Lake Grassmere site manager Gavin Williams applied to the Marlborough District Council last month for a series of consents on behalf of the salt works’ owner, Dominion Salt.
Dominion Salt, owned by multinational Cerebos-Greggs and Australian-owned Ridley Corporation, wants permission to open access, level land, dig foundations and trenches for underground electrical cables, install overhead electrical cables, backfill with concrete, build turbines and operate a wind farm. Consents are needed because the activities do not comply with the district plan. Public submissions closed yesterday.
Mr Williams yesterday referred comment to Dominion Salt chief executive Robin Goldsack who he said was overseas and could not be contacted until next week.
In the consent application, Mr Williams says the wind farm could supply between five and 7.5 gigawatts of electricity an hour each year – enough to supply between 500 and 750 households. The salt works uses 2.5GW/hr a year.
The energy created will depend on whether up to seven turbines reaching up to 47m high, or five turbines up to 75m high, are built.
A wind farm around the refinery south of Seddon will benefit the company, the community and the electricity industry, it says. The company will make more money and be more sustainable, jobs will be created by construction and ongoing operation and maintenance of the turbines, and carbon emissions will fall.
The company asked wind farm consultant Energy3 two years ago to investigate the potential for wind-generated electricity being used at the salt works. It found much of the refinery’s power needs could be supplied by a small wind farm as loadings at the production plant were “relatively stable”, the application says.
Power will still come from electricity supplier Trustpower when there is no wind, while any excess power generated will be sold into the grid, it says.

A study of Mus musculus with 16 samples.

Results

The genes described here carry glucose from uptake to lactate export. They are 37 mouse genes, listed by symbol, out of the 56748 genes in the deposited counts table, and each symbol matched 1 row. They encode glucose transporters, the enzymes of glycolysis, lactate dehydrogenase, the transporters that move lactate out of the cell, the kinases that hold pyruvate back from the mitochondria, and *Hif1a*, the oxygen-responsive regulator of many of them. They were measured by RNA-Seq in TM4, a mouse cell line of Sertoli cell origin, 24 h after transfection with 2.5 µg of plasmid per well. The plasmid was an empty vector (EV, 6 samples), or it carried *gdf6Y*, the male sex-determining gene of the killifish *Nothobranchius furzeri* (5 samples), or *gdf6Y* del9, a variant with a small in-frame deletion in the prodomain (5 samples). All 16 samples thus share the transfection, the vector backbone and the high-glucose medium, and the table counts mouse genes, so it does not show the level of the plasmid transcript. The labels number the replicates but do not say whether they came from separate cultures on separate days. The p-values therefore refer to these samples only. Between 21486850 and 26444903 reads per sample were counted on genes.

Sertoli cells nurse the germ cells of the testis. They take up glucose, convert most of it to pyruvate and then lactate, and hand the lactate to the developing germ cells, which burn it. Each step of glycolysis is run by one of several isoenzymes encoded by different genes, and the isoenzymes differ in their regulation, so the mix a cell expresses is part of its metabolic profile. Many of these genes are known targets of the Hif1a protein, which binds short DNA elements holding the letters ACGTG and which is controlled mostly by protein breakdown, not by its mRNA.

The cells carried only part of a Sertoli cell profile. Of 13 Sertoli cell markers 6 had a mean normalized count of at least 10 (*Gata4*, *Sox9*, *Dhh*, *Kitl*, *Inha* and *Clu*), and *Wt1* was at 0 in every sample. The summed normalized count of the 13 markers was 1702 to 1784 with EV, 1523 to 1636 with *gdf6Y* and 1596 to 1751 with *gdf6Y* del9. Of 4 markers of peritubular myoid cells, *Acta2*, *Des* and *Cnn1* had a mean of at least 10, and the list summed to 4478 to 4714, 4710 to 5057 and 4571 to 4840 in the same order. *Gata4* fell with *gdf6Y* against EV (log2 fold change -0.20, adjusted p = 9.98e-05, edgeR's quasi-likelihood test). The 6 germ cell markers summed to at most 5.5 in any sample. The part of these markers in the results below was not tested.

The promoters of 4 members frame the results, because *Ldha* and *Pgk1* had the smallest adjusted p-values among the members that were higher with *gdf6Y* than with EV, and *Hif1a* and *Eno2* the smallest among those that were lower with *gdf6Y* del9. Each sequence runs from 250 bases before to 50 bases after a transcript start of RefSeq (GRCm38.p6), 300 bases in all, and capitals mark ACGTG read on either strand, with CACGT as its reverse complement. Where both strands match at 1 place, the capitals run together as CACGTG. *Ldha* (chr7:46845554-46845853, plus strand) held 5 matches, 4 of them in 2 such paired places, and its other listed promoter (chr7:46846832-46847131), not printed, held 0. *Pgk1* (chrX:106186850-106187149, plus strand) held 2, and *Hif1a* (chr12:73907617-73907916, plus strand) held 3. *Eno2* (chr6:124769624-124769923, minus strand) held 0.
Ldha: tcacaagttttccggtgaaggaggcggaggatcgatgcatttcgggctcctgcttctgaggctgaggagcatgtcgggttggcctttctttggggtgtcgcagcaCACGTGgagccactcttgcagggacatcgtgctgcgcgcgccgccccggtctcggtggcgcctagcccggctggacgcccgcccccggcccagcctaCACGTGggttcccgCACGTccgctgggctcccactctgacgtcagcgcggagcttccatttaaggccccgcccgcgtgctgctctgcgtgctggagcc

Dominion Salt commissioned landscape architect Mike Moore to assess the affect of the towers. He found negative affects will be low as there are few houses nearby, the scale is modest and the landscape has already been significantly modified by the salt works and agriculture. The closest home is just over a kilometre away.
Noise pollution was assessed by Energy3 as “negligible”.
The towers’ effect on radio, television and microwave transmission is also expected to be “relatively limited” because of the narrow and curved design of the tower and blades, the application says.
Consultation has also taken place with Marlborough Lines and KiwiRail, which own UHF radio bands in the area, as well as Vodafone and Telecom, the application says.
Dominion Salt asked Blenheim-based ecological consultancy Wildlife Management International what impact the wind farm would have on ecology at the site.
It found that there are no significant natural habitats left on the site and birdlife is dominated by introduced species. Negative impacts were unlikely.
Iwi, the Civil Aviation Authority, Marlborough Roads and the Historic Places Trust were also consulted, with no major problems identified.